Chapel Hill, NC – In a study published today in the journal Nature Genetics, a group of scientists including UNC biologist Jason Lieb, PhD, present experiments supporting a longstanding hypothesis that explains how males can survive with only one copy of the X chromosome. The finding provides clarity to a hotly debated topic in science and provides biologists with more information to interpret experiments involving genetic measurements in males and females.
“The issue is important because many diseases are tied to a defect in a regulatory mechanism within the cell,” said Lieb, who is also a member of UNC Lineberger Comprehensive Cancer Center.
Women have two X chromosomes, while men have one X and one Y. The lack of a ‘back up’ copy of the X chromosome in males contributes to many disorders that have long been observed to occur more often in males, such as hemophilia, Duchene muscular dystrophy, and certain types of color blindness. Having only one copy of X and two copies of every other chromosome also creates a more fundamental problem – with any other chromosome, the gene number imbalance resulting from having only one copy would be lethal. How can males survive with only one X?
Biologists have been debating how organisms and cells manage the imbalance between X and other chromosomes for years, with the dominant theory being that both sexes up-regulate the expression of X-linked genes, essentially doubling their expression to “2X” in males and “4X” in females. Then, to correct the imbalance that now appears in females (since they have the equivalent of “4” Xs now and 2 of every other chromosome), females then ‘turn off’ one of the hyperactive X chromosomes, resulting in a balanced “2X” expression of those genes across both sexes.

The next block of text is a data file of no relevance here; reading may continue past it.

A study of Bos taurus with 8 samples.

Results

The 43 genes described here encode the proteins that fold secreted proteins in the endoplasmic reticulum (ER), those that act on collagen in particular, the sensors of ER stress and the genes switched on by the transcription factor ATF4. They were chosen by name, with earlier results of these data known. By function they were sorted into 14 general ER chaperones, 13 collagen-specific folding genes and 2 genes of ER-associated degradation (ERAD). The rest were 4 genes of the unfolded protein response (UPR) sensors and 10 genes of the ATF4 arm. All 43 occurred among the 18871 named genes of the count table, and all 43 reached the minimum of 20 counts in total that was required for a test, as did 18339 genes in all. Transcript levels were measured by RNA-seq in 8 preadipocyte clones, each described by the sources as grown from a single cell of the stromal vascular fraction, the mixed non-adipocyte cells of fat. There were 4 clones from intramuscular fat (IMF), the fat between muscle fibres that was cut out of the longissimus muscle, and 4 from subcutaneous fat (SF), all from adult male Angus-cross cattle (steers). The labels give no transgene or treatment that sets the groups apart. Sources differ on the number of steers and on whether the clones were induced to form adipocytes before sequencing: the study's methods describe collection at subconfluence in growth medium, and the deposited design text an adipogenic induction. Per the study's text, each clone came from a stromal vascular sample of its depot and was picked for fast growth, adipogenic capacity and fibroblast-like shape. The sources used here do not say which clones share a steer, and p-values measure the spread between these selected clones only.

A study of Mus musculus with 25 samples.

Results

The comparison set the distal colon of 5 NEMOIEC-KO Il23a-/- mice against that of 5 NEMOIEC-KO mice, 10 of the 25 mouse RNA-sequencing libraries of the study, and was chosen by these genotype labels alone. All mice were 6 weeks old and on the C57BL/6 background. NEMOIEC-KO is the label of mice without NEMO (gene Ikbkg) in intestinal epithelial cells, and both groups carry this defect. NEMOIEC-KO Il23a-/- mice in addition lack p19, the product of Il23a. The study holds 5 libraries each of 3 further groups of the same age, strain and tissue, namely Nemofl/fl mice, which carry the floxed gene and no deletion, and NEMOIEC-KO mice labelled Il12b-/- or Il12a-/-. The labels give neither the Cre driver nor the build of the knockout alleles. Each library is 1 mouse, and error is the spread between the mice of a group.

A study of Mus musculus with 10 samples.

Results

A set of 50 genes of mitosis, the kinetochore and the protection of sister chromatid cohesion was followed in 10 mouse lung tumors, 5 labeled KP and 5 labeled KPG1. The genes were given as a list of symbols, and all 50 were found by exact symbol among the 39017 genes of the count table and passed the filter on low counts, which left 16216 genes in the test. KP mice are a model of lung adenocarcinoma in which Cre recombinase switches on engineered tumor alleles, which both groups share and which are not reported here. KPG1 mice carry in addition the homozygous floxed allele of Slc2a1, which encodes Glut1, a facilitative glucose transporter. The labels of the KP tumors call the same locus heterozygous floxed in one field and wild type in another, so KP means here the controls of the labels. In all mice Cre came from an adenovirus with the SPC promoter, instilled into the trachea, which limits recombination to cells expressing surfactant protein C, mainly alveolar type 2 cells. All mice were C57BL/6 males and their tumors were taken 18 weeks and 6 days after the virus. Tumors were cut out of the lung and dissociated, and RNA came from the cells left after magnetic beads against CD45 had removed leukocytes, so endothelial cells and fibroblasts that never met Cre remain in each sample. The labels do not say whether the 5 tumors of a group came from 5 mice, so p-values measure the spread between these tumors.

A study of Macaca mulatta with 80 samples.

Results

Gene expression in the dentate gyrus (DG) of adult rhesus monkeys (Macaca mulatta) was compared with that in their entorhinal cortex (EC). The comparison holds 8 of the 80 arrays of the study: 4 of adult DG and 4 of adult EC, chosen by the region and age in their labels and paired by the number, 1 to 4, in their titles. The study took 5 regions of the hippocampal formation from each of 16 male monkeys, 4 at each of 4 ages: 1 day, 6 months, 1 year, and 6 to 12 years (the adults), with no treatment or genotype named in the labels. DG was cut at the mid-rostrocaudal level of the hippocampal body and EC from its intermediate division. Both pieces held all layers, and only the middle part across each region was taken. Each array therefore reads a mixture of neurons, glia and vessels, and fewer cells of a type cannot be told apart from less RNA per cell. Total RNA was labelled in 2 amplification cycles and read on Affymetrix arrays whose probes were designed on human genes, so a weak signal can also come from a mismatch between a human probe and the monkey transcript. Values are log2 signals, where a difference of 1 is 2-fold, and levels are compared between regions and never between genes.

The advent of new technology based on RNA sequencing and proteomic analysis has given scientists more accurate ways to measure gene expression, and some results published in the last few years have not supported the idea that X chromosomes up-regulate.
Lieb and his colleagues re-analyzed data used in previous analyses, along with new data from humans, mice, roundworms, and fruit flies and found more evidence that the up-regulation hypothesis is correct – but with some interesting twists across species. In mammals – humans and mice – both males and females up-regulate X chromosome gene expression and females then equalize expression by turning off the one X chromosome. In roundworms (C. elegans) the both female X chromosomes stay active, but the genes on both Xs are down-regulated by half to compensate in the females. In fruit files (Drosophilia melanogaster), males increase the expression of X chromosome genes, with no upregulation of X in females.
“There are several ways to get the same result and we are seeing how the dosage-balancing mechanism works in different species,” says Lieb. “We also found that not all X-linked genes are dosage compensated to the same degree– adding another layer of complexity for scientists who study gene regulation.”
Other members of the research team include Christine Disteche, Robert Waterston, Jay Shendure, Di Kim Nguyen, Joseph Hiatt, and Xinxian Ding from the University of Washington; Brian Oliver, and David Sturgill, from the National Institute of Diabetes and Digestive and Kidney Disease, Thomas Gingeras, Carrie Davis, and Felix Schlesinger, from Cold Spring Harbor Laboratory, Valerie Reinke, from Yale University; LaDeana Hillier, from Washington University in St. Louis, and Sevinc Ercan from New York University.
The research was funded by the National Institutes of Health, the William H. Gates III Endowed Chair of Biomedical Sciences at the University of Washington and a fellowship from the Achievement Rewards for College Scientists.